If you have time this Sunday please read Walter Kirn’s review of Samson Graham-Muñoz’s new novel, The String Theory Quartet.
The following quotations are from the novel:
“The weather today was the weather of yesterday and tomorrow it would be the weather again: mummifyingly dry and hot and whipped by cyclones of toxic pink particulates that settled on the brown fields like vile confetti. Buddy Dean was up early, roaming about the house in a pair of patched digital overalls and a pre-diaspora Chicago Cubs cap. ‘Don’t be downhearted,’ came the leader’s voice over the old RCA tube radio. ‘The soil may be dust and the rains a memory, but courage is the crop that never fails.’ Buddy listened, too weak even to nod. Out the window a pair of skinny crows pecked for quarks and bosons in the yard.”
… and from a very different section, stylistically (Kirn compares it to Hemingway):
“He picked up his instrument. He drew the bow. He drew it across the strings. Some sounds came out. The leader was moved. His voice boomed through the envelope. An old voice, like music. But not music. A voice. ‘Keep playing, my boy,’ it commanded. And so he played. While amethyst planets burned coolly in the dusk and children who’d never seen whales or dreamed of unicorns imagined they had. Seen whales. Dreamed unicorns.”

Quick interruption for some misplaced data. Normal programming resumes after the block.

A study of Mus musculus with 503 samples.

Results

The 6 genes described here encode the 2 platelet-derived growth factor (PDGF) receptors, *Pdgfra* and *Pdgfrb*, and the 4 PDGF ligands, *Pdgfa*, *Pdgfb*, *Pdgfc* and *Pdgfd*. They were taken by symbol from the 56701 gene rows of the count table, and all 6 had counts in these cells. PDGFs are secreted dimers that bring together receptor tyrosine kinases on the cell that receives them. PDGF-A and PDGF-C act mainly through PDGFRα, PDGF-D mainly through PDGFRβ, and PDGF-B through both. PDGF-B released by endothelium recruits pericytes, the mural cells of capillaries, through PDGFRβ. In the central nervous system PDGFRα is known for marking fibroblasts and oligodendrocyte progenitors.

And from an interview with the author:
“When I used to cut hair in my father’s Miami barbershop I learned something true about scissors: they have two blades. One for stretching the strand until it’s taut, the other for lopping it off. Two blades, one purpose. That’s how I write fiction. With my scissors-mind.
Good lord, I wish this guy existed. I spent 5 minutes searching for Graham-Muñoz and The String Theory Quartet on Amazon before realizing that the whole thing is a mirage. Well done, Walter Kirn!